Those competitive sports are among the most popular in our country, but they’re just a handful of the more than 800 sports identified in the world (uncovering them was a quasi-athletic feat unto itself).
Approximately two-thirds down the seemingly interminable inventory, one will stumble upon the very popular racquetball game known as Pickleball, which on that list is not too far removed from Oil Wrestling, Muggle Quiddich, Picigen and Pole Dancing.
Many of the sports on the list are self-evidently named: Arm Wrestling, Football, Weightlifting and Zui Quan, which translated from Chinese means Drunken Boxing. This latter refers to the style of movement, rather than the amount of Baijiu (rice wine) consumed just before you get your nose repositioned across your face.
Pickleball, the name, has nothing to do with an adulterated cucumber. It is described in Wikipedia as a paddle sport that combines elements of badminton, table tennis and tennis involving two to four players hitting a perforated polymer ball over a net.
It is one of the fastest growing sports in the nation, and is played on more than 8,000 badminton-sized courts in all 50 states, and now internationally.
According to Pickleball aficionado Sue Murphy of Newport Beach, “The sport was invented in the 1960s on Bainbridge Island, WA, by some neighborhood dads looking for something to entertain their kids during a summer. As they played, a family dog named Pickles wandered over. The rest is sports legend.”
Murphy, along with her close friend, fellow Pickleball player Kristen Ridge, met a couple of years ago while taking Pickleball lessons offered by Newport’s Recreation Department. Over the months, their friendship expanded beyond the courts at Bonita Canyon and The Tennis Club at Newport Beach into a Pickleball-specific clothing design and marketing partnership.
“We came up with the idea of starting a line of Pickleball apparel as there is really no designated Pickleball look,” Ridge said. “Most people wear tennis clothes or athletic wear.”
Murphy added that they “noticed women wearing their yoga, tennis and golf clothing to play. Nothing wrong with that, we just saw a niche for Pickleball-specific clothes.”
They recognized the rapid growth of the sport and simply wanted to create a “Pickleball look,” something upscale from the common, shapeless Pickleball t-shirt sporting simple “Pickleball puns” screened across the front.
“We opted for embroidery and high-quality blanks for our merchandise,” Murphy said, starting with hats and visors, and now expanding into a tote and tops. “Eventually bottoms,” Ridge added.
The duo started product “R & D” last January, then launched sales in August. As of this writing, their company, PB&Jelly, has sold more than 200 hats, 100 of which were visors, the rest being caps, floppy hats sporting SPF 30 sunscreen, and bucket hats.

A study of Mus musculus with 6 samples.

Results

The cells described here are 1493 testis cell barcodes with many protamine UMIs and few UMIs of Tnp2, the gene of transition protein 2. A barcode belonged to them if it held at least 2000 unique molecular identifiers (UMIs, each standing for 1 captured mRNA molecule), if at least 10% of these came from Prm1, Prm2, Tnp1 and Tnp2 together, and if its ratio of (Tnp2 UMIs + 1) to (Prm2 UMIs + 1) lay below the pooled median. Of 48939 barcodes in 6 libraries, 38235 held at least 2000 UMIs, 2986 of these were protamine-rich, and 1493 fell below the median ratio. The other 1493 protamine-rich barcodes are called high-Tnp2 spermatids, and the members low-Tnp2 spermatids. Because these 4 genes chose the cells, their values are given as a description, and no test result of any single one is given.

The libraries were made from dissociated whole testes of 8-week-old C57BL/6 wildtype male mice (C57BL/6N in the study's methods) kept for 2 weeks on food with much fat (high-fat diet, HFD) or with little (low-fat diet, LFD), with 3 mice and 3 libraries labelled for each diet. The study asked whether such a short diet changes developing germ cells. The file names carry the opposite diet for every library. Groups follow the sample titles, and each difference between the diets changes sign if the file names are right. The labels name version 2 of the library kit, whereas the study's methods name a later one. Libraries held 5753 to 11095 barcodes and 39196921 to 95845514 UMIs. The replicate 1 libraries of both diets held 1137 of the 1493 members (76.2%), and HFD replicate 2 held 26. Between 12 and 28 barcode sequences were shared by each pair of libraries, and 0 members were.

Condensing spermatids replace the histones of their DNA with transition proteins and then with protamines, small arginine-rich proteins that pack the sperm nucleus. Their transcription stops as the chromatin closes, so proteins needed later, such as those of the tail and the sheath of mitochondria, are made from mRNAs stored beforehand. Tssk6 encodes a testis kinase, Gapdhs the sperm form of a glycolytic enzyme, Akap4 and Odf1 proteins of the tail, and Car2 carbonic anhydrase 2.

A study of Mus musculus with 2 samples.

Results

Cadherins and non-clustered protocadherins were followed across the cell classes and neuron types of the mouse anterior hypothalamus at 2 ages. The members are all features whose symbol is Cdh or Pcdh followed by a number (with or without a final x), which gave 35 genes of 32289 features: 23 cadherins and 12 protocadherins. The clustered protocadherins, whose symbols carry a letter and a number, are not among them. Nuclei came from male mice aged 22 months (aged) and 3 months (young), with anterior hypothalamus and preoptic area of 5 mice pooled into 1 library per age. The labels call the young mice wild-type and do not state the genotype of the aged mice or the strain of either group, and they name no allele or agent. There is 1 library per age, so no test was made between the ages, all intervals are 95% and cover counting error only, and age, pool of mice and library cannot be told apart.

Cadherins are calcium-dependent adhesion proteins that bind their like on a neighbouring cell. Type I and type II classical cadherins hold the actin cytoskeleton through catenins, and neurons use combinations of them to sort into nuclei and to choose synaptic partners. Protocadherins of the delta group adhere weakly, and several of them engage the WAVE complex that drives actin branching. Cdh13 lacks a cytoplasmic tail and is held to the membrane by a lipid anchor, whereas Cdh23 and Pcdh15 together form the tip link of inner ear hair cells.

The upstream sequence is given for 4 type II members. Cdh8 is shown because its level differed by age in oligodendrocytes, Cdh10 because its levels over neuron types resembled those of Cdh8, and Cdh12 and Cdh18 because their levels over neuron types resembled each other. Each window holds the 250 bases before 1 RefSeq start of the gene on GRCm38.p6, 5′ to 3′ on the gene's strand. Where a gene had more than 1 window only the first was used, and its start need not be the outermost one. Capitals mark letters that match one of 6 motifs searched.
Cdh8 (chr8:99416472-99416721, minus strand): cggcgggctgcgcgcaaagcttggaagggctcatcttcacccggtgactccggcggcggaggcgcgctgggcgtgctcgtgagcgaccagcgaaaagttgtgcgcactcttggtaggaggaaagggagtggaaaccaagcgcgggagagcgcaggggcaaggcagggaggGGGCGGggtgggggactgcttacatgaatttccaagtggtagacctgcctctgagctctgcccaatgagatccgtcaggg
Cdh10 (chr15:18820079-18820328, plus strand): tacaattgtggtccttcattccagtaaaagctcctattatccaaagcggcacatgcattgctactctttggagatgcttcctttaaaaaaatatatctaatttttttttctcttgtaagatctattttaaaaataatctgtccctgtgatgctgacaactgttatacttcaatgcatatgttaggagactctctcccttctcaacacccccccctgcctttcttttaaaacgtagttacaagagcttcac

Most sales have been to friends and acquaintances, but a few orders have come from as far away as Canada and Australia, thanks to their nascent on-line marketing campaigns. Murphy and Ridge are now reaching out to Pickleball clubs and pro shops across the country.
Doubtlessly helpful in their design, product development, sales and marketing endeavors is the fact that Murphy’s background includes a BA in Textiles from the University of Washington, and an MBA from the University of Puget Sound, followed by a 15-year career at Nordstrom as a buyer and merchandise manager. She also taught in the Fashion Department at Cal State University, Long Beach.
Ridge transitioned to Pickleball after many years playing tennis, in large part because her stepsister, Kathy, is a sponsored Pickleball professional (and instructor) in Colorado.
Having played tennis into her 50s, Ridge opined that even though she loved tennis, “I think Pickleball is more lighthearted, unless you’re playing competitively – and believe me, there are some very competitive people playing Pickleball.”
Taking a Bonita Canyon Pickleball lunch break from his Newport Beach law firm, Vogt/Resnick/Sherak, LLP, Barry Resnick and his wife, Meryl, were giving each other the kind of competition one develops over 56 years of marriage.
Asked why they play Pickleball, Meryl said that “You can play and socialize at the same time. You don’t have to be an ‘A’ player to enjoy the game; it’s great for all ages.”
Responding to the same question, Barry said, “I’ve always participated in outdoor activities that were more individual, such as ocean kayaking and road and mountain biking. Pickleball gives me the opportunity to be active with a group.”
Murphy and Ridge agree that “We are two ladies crazy about Pickleball. There is plenty of bad news in the world today, so,” they recommend, “go out and have some Pickleball fun!”